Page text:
SIS on Sports: On Teaching Kids to Be Resilient (An Interview with SIS Football Coach Gareth Jones)
Far better is it to dare mighty things, to win glorious triumphs, even though checkered by failure . . . than to rank with those poor spirits who neither enjoy nor suffer much, because they live in a gray twilight that knows not victory nor defeat. —Theodore Roosevelt
More than a decade ago, a young Gareth Jones had to move across the globe to pursue his love for sports. And as luck would have it, he crossed paths with SIS CEO and founder Jaspal Sidhu who was then envisioning a foundation for a football academy in his school. To this day, Coach Gareth is still with the SIS community, overseeing the sports academy he and Jaspal successfully started and built.
It didn’t feel like a walk in the park when Coach Gareth was starting out on his post, with a 15 percent obesity rate and a meager 30 percent sports participation from the student population. Getting help from the School Board, the teachers, and his co-coaches, Coach Gareth figured out that the children were actually more interested when they were given a great variety of sports activity to choose from.
A couple of years later, they saw a 120 percent sports participation from the kids, with most kids doing more than one sport. Now kids from across all levels in SIS are actively participating across the various sports events and competitions held locally and abroad.
When asked what his biggest challenge is with the job, Coach Gareth stated, “I had to educate the parents more and show them how big an impact sports has on their children’s well-being on and off the field and the importance of letting the kids know that it’s okay to fail.”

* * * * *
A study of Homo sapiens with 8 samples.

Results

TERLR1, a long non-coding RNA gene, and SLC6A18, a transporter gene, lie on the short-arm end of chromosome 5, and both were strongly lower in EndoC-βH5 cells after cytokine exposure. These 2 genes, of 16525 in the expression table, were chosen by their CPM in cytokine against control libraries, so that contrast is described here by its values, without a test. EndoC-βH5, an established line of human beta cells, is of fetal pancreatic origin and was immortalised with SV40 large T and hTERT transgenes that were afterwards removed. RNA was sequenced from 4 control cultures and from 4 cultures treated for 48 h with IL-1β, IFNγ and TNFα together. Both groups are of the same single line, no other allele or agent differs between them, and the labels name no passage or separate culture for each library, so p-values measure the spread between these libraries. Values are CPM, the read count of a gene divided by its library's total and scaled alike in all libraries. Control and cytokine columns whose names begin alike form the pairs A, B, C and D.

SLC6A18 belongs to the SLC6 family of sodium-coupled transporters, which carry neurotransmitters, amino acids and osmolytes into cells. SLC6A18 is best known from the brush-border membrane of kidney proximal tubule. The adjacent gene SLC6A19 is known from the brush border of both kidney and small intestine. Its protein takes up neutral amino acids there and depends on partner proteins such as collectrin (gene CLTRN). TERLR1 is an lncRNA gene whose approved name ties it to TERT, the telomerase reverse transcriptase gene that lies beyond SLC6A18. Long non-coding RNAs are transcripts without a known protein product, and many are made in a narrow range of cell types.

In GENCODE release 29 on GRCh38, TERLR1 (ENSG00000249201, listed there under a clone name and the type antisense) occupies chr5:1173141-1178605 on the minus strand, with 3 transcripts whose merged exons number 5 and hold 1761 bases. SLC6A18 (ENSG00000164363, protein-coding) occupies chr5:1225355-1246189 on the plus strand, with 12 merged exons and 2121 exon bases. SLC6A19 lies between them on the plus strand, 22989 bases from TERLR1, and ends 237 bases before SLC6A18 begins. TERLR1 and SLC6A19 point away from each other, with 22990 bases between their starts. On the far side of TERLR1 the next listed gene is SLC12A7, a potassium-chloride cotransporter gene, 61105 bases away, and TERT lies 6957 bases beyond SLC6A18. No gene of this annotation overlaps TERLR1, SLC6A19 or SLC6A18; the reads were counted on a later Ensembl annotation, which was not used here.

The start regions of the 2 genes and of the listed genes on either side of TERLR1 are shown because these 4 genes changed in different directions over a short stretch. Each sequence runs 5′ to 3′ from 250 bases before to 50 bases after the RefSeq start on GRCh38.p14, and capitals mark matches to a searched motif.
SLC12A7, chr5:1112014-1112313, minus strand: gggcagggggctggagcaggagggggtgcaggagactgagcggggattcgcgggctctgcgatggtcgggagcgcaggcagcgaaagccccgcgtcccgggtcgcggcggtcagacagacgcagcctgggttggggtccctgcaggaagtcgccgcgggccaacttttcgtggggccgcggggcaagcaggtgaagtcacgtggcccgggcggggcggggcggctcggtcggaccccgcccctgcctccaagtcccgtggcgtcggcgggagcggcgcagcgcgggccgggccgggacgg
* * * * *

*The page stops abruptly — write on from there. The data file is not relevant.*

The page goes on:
And rightfully so, as a physical, social, and psychological activity, getting kids into sports has substantial benefits. Studies show how sports helps inculcate discipline, develops self-esteem and confidence, encourages teamwork, boosts social skills, and most importantly, helps them understand that it’s okay to fail.
“I don’t expect kids to be the next Kobe Bryant or Lionel Messi or pressure them to be anything but the best they can be. They can get depressed when they don’t meet that expectation, and in some cases, drop out of sports altogether. I want them to feel like they are in a supportive environment where they are free to make mistakes and express themselves while trying a variety of sports. The resilience and intrinsic motivation they get out of a losing experience will eventually mold them into better players.”